Friday, July 27, 2012
Let's Talk Beer and Fracking | Casey's Last Word
Two research reports were in the news this week.
One is about beer. The other is about fracking.
Let’s talk beer first.
The Texas Craft Brewers Guild released an economic study Monday predicting that the 78 current small craft breweries and brew pubs that now make up an industry with an economic impact of $608 million could grow almost 10-fold, to a $5.6 billion industry in just eight years.
That is, if the Legislature would only reform arcane laws that hand-cuff the industry.
The Legislature should, indeed, do that.
For example, you can go to the store and buy beers produced by brew pubs in California and other states, but not by brew pubs here in Texas such as San Antonio’s Freetail Brewing Company and the Blue Star Brewery.
Why? Because the big corporate breweries don’t want the competition, and they own the Legislature lock, stock and barrel.
Of course I don’t believe the numbers in the study.
For one reason, I never trust any number next to the words “economic impact.”
You usually see the term in connection with “studies” promoting tax breaks or subsidies.
In that context, it invariably means “hype.”
The other reason I don’t believe the numbers is that the author of the study is Scott Metzger, an adjunct professor of economics at UTSA.
He is also owner of San Antonio’s Freetail Brewing Company and a leader in the Texas Craft Brewers Guild.
This is not to say I believe Metzger is dishonest.
To the contrary, he is a highly respected businessman who crafts some excellent, honest beers.
What’s more, he was honest enough to put his name on the report and fully disclose his interests.
That’s more than I can say about the study on fracking.
This study was issued last February by the Energy Institute at the University of Texas to great fanfare.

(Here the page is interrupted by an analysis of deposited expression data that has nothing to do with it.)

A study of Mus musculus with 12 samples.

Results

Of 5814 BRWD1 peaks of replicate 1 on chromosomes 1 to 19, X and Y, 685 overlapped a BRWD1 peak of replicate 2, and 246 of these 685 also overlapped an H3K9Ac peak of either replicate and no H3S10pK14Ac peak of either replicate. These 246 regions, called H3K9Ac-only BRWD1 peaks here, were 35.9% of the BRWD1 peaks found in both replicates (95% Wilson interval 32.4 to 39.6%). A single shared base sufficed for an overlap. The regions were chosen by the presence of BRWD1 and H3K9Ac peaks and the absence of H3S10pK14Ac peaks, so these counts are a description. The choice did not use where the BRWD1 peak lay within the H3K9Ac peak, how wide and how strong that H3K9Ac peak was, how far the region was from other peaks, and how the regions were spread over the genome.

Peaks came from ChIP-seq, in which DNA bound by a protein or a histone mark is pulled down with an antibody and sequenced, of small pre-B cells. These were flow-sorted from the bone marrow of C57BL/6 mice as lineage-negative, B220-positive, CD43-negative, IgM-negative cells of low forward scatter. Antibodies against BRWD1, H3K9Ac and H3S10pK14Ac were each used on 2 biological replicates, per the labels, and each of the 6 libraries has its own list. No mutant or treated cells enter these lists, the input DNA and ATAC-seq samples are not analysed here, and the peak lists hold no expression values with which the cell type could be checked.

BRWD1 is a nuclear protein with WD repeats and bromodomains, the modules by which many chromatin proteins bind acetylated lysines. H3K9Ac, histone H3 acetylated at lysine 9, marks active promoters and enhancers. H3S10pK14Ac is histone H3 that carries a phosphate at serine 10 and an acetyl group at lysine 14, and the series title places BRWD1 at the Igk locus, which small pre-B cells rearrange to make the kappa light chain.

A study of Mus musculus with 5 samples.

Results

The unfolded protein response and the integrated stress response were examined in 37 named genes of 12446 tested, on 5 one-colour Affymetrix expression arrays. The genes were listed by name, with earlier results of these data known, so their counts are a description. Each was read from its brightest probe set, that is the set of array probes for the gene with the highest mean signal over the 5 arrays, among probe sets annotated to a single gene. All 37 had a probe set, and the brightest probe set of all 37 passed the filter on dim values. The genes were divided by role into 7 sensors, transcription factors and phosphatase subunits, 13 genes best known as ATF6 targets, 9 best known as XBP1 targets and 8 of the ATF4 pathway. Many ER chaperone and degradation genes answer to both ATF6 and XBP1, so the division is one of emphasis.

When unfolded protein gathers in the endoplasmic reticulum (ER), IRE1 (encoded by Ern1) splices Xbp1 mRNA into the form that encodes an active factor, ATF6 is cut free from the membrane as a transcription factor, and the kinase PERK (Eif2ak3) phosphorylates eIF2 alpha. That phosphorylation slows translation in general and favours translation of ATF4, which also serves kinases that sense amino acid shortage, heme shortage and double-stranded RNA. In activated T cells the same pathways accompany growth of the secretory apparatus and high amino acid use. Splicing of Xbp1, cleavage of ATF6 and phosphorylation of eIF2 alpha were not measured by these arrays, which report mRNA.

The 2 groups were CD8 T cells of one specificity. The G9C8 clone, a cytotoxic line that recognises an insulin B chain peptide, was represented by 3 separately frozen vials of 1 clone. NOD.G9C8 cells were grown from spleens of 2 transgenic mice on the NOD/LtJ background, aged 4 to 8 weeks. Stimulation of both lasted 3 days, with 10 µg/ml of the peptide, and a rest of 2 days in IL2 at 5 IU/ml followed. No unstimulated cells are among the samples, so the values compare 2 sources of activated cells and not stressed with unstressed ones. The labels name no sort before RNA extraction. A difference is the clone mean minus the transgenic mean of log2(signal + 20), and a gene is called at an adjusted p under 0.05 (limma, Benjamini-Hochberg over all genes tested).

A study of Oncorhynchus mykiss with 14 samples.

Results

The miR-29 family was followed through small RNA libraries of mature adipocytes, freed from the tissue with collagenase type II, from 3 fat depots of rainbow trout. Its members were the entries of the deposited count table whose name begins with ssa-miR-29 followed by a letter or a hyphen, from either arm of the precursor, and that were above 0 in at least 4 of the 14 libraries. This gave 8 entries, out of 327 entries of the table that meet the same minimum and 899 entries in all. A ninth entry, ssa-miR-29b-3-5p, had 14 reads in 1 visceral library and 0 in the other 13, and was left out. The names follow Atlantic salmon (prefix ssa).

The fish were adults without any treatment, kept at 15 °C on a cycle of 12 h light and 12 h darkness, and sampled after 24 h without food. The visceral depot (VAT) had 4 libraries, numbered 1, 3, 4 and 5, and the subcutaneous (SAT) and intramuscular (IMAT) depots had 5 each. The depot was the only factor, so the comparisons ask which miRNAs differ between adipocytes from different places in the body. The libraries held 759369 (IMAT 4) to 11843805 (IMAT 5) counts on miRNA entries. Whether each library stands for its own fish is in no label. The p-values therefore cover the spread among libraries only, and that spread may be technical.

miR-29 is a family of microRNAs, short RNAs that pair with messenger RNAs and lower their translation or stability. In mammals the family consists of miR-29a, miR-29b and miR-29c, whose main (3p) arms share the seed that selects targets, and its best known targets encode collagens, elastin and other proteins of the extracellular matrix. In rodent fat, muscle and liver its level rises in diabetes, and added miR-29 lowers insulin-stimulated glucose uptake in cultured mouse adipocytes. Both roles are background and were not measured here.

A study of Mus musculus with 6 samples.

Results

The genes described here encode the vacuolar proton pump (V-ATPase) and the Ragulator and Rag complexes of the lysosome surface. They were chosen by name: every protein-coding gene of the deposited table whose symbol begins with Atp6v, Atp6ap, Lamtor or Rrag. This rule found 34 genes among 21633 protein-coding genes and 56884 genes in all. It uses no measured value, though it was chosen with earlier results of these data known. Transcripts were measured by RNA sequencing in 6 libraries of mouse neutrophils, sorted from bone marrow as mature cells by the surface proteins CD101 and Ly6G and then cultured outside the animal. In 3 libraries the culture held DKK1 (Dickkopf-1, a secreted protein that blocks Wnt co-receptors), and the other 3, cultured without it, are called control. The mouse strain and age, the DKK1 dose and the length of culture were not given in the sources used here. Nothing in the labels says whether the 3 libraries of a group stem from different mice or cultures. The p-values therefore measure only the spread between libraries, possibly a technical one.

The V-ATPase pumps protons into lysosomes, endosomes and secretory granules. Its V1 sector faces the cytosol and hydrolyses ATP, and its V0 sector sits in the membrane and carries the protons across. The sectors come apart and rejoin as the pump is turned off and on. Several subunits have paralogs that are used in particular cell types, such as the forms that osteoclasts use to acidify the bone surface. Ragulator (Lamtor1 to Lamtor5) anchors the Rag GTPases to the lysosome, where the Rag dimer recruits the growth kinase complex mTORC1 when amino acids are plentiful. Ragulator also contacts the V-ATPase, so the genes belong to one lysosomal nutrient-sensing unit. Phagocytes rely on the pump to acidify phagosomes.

Headlines from here to Great Britain trumpeted the study as putting to rest a key environmental fear related to the practice of blasting water and chemicals into shale so as to free up trapped oil and gas.
Typical was the Houston Chronicle headline: “Study: Fracturing no threat to groundwater.”
When I read the stories in the Chronicle and the Express-News, I was impressed.
The University of Texas brand gave the study credibility.
But this week, thanks to a non-profit called The Public Accountability Initiative, we learned something about the man in charge of the study.
Charles “Chip” Groat is paid a generous $173,000 a year by the University of Texas for his work as a professor of geological sciences and associate director of the UT Energy Institute.
But he makes more than twice that much annually wearing a different hat – as a member of the board of directors of Houston-based Plains Exploration and Production Company, which is heavily involved in fracking.
Last year, according to public records, the company paid Groat $58,500 in cash as well as stocks valued at $355,400.
According to the Express-News, his stock holdings in the company are currently worth just over $1.5 million.
According to University officials, Groat did not disclose this in an annual filing as required by university policy.
Nor did he disclose it in the report.
The director of the Energy Institute said he was unaware of Groat’s position with Plains Exploration.
So what is the University’s response?
It says it will appoint a panel of experts to conduct a review of the 400-page study, which they hope to be completed in a few weeks.
Oh, and University Provost Steven Leslie said Groat “has been reminded of his obligations to report all outside employment per university policy.”
The provost also said he saw no conflict of interest.
The professor gets over $400,000 annually from a company involved in fracking and has no conflict of interest in leading a study on the practice?
For intellectual honesty, give me the beer guys over the academics.